GOP bill would increase funding for rural schools
Two Republican lawmakers are proposing legislation that would boost funding for rural schools by almost $10 million after a similar provision was carved out of Gov. Scott Walker’s proposed 2017’19 budget.
Under the bill, proposed by Sen. Howard Marklein (R-Spring Green) and Rep. Jeff Mursau (R-Crivitz), rural schools would see a $9.7 million increase next year in so-called “sparsity aid” that is awarded to districts with relatively few students spread over large geographic areas.
The amount is about half of the $18 million increase in sparsity aid the Legislature’s Joint Finance Committee removed from Walker’s proposed budget during deliberations in late August.
“This bill will provide small rural districts with additional resources to improve staffing and technology and ultimately improve student outcomes,” said Marklein, who was circulating the bill for cosponsors this week.
Both Walker and Superintendent of Public Instruction Tony Evers, one of his Democratic challengers for the 2018 election, are endorsing the measure — each taking credit for the original idea in their own budget proposals.
“Rural communities have unique challenges,” Walker said in announcing his support for the bill at school districts in Marinette, Chippewa and Lafayette counties on Tuesday.
Evers said he was pleased with the bill, but that he would like to see lawmakers also take up a provision Walker vetoed that would have raised funding for districts that were locked in at lowspending amounts when the Legislature imposed revenue limits in 1993.
“I like the bill; I’m happy to see it go forward. But I’d like someone to take up the low-revenue funding at the same time,” Evers said after a meeting of the state’s task force on rural schools in Whitehall on Wednesday.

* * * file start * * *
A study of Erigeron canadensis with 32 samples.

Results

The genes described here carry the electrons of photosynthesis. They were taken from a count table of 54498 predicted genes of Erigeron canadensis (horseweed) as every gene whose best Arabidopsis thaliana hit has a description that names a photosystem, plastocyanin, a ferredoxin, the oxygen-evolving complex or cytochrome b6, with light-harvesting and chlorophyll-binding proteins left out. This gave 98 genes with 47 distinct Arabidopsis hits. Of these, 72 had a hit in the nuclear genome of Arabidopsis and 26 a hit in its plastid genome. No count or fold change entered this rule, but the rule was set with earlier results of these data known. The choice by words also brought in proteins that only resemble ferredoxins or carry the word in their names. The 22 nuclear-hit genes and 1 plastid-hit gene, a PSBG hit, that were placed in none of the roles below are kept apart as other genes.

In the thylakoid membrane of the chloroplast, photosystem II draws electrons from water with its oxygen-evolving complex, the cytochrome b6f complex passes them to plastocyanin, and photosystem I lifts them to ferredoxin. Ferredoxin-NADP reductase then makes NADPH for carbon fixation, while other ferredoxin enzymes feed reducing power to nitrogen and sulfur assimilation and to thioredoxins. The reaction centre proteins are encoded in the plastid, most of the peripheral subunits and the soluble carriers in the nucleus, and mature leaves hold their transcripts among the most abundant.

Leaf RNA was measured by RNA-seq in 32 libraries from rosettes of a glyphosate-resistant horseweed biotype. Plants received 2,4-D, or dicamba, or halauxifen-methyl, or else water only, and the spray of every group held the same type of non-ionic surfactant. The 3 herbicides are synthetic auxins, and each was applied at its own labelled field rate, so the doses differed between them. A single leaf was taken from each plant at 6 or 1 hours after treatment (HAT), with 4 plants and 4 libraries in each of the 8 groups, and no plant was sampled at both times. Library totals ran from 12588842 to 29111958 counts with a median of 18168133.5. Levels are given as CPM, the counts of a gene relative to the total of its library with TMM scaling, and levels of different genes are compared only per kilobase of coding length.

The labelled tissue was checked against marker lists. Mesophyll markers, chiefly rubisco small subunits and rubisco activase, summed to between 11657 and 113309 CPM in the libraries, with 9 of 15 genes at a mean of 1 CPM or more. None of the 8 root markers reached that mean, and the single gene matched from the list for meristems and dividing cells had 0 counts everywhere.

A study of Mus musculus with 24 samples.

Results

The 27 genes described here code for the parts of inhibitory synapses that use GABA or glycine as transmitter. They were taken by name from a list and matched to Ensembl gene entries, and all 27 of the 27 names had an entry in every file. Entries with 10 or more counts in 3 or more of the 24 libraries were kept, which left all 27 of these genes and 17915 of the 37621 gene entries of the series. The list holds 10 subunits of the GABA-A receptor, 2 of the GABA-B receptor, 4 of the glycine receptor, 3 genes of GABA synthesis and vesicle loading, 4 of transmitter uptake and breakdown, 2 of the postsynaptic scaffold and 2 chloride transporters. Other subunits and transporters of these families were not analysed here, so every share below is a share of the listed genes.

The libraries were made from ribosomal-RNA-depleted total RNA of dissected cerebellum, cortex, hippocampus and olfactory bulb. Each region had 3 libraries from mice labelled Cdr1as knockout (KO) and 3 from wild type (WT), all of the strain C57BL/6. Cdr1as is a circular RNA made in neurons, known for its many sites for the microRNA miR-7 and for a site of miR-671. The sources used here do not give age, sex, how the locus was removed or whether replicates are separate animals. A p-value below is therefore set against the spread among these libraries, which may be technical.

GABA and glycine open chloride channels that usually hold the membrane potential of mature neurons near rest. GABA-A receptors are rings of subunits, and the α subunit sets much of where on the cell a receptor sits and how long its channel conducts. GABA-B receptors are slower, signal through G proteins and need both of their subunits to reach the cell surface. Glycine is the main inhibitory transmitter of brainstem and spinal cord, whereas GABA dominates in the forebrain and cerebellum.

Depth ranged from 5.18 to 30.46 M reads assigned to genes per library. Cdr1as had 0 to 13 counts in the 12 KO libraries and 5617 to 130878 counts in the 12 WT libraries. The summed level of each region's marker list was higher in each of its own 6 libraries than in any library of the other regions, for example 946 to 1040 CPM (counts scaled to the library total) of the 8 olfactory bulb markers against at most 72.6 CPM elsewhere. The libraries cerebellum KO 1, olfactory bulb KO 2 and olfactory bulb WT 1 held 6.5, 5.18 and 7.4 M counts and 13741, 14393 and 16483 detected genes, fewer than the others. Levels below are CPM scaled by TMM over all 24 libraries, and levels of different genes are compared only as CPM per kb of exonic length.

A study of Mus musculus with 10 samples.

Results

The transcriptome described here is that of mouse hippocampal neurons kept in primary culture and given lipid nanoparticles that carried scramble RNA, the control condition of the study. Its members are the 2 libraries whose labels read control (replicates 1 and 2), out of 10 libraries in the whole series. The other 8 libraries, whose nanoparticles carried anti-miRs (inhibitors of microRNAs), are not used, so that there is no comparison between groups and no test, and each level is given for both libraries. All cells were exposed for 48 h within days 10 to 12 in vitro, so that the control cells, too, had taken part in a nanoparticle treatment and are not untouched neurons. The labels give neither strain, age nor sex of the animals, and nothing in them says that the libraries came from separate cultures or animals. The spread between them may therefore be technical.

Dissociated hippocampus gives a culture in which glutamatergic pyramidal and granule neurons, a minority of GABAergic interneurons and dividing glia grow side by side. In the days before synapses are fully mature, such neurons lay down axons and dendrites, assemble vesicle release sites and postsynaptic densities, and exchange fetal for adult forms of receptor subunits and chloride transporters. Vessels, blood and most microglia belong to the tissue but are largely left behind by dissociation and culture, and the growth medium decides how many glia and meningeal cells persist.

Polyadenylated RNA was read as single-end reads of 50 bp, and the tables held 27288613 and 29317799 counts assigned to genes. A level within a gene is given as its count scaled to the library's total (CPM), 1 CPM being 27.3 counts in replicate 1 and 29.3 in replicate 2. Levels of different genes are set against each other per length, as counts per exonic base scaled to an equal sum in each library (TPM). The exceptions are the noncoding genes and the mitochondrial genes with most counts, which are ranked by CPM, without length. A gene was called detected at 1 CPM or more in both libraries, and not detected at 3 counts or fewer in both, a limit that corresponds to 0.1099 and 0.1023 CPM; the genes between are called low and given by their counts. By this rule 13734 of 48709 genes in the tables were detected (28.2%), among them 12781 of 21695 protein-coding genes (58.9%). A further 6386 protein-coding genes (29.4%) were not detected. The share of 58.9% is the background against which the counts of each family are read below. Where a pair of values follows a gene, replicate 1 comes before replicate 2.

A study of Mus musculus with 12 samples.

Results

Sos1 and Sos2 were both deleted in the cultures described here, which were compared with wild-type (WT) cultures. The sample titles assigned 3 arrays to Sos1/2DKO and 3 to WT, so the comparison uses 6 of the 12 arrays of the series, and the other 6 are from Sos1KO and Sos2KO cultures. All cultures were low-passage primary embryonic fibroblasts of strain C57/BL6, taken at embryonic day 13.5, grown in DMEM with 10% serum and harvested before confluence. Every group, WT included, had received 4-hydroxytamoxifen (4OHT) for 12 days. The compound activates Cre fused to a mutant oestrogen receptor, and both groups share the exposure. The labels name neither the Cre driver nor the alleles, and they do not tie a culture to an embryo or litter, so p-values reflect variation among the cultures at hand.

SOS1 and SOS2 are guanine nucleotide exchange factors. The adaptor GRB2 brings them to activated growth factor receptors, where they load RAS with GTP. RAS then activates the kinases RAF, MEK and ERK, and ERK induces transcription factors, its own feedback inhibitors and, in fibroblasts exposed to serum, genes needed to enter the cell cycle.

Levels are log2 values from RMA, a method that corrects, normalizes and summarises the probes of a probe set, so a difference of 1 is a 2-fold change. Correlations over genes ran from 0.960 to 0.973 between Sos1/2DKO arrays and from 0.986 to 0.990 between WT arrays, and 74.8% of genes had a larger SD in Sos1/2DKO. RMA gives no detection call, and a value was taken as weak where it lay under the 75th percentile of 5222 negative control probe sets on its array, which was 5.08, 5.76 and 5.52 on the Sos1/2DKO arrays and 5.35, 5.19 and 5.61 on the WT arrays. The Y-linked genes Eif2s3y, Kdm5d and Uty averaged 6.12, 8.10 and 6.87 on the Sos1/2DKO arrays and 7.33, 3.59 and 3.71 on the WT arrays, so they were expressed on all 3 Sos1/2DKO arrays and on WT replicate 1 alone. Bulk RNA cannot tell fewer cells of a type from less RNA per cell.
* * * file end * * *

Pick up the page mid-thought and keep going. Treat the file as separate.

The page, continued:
Rural schools face a host of challenges, including high transportation costs and falling revenues as enrollments decline.
The Marklein-Mursau bill would increase the per-pupil sparsity aid for rural districts — those with 745 or fewer students and fewer than 10 pupils per square mile — to $400 in the 2018-’19 school year, up from $300 this year.
In addition, it would create a second tier of schools with 746 to 1,000 students that would receive an additional $100 per student.
Walker had initially sought an increase of $18 million in sparsity aid over the biennium as part of his $76 billion budget, but the Joint Finance Committee eliminated that provision in August.
It left intact another provision that would have raised the revenue caps for low-spending districts, a measure that would have helped many rural schools. But Walker vetoed that item last month.
Senate Minority Leader Jennifer Shilling (D-La Crosse) criticized the measure as a gimmick. And she called out Marklein for what she described as his “misplaced priorities” for supporting Walker’s $3 billion incentive package aimed at luring Taiwanese manufacturer Foxconn Technology Group to Racine County.
“As school districts continue to struggle with tight budgets, teacher shortages and growing classroom sizes, Republican lawmakers approved the largest state taxpayer giveaway to a foreign corporation in U.S history,” she said.